The answer is yes, because I, like all Mariner fans, love Edgar. I know that is not enough reason for Edgar to be in baseball’s cherished institution, so let us look at some numbers and one important criterion as to why Edgar should be in the Hall.
If he wasn’t first in a category, he was near the top. He showed remarkable consistency, but there are a few things working against him.
First, he played for Seattle, a bad team for many of those 18 years. Most writers back East are either asleep or in bars when Seattle is playing in the great Pacific Northwest, and they probably can not find Seattle on a map in the first place, and believe people in Washington and Oregon are still fighting Indian Wars to avenge Custer. Add the fact that Edgar was quiet and unassuming, you can see Edgar was overlooked and taken for granted. He was not flashy, not outspoken, not controversial; he was invisible.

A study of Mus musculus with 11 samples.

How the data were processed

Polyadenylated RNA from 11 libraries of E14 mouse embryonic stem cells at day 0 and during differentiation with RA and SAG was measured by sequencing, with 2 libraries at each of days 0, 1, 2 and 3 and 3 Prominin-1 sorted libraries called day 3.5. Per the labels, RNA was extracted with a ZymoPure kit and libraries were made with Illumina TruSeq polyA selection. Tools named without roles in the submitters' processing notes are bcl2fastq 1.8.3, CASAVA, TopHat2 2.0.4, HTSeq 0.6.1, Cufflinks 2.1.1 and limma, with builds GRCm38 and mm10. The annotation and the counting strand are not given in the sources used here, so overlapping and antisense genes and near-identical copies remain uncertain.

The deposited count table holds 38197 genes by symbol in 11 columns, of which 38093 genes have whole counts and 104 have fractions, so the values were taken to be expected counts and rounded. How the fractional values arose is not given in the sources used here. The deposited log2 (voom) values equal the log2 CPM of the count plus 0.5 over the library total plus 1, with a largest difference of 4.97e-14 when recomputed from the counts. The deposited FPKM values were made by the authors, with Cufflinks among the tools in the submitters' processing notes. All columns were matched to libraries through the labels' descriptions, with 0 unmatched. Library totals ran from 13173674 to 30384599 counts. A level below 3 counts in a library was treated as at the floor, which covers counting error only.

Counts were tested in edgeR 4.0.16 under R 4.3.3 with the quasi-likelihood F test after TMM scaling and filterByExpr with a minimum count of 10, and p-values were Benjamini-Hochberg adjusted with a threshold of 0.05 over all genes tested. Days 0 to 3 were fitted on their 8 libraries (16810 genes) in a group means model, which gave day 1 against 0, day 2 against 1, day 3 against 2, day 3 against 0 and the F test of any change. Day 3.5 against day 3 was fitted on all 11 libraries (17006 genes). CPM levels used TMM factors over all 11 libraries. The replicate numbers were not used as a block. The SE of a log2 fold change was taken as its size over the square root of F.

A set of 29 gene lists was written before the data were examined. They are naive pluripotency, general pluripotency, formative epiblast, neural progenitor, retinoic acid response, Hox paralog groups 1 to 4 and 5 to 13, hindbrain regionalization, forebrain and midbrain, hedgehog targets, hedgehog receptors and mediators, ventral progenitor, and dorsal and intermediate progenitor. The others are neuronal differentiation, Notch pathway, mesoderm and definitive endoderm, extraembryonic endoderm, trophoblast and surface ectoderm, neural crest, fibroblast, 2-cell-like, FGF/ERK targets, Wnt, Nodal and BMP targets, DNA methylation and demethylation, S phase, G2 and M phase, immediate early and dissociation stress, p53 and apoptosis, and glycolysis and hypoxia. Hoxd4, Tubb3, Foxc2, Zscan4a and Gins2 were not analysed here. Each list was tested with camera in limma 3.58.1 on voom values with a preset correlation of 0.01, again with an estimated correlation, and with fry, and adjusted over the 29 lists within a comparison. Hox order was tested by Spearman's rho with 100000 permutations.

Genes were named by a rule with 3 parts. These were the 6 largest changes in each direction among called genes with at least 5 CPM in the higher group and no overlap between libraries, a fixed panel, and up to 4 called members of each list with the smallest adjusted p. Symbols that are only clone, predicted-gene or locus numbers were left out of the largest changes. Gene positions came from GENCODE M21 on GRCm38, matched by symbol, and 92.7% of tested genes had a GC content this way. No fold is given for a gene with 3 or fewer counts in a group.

Second, he was a DH, therefore not a complete player, or so the thinking goes. He did play third base early in his career, and played some first base on occasion, but did not distinguish himself in the field, leading third basemen in errors one year with 27.
But-and this is what I was getting to earlier- one of the ways voters are to look at a candidate is this: was the player in question one of the best at his position during the era in which he played. As I mentioned he made seven All-Star teams as DH, meaning he must have been one of the best DH’s in the American League. And, for better or worse, the DH is a position. Consequently it is a position that needs to be looked at and Edgar was one of the best at DH, many saying he set the standard. In fact, there is an American League award given yearly to the best DH and the award is called the Edgar Martinez Award.
Now if they name an award after you, you must have been special. EdgarMartinez belongs in the Hall of Fame. The defintion of a HOF’er says so, not just me.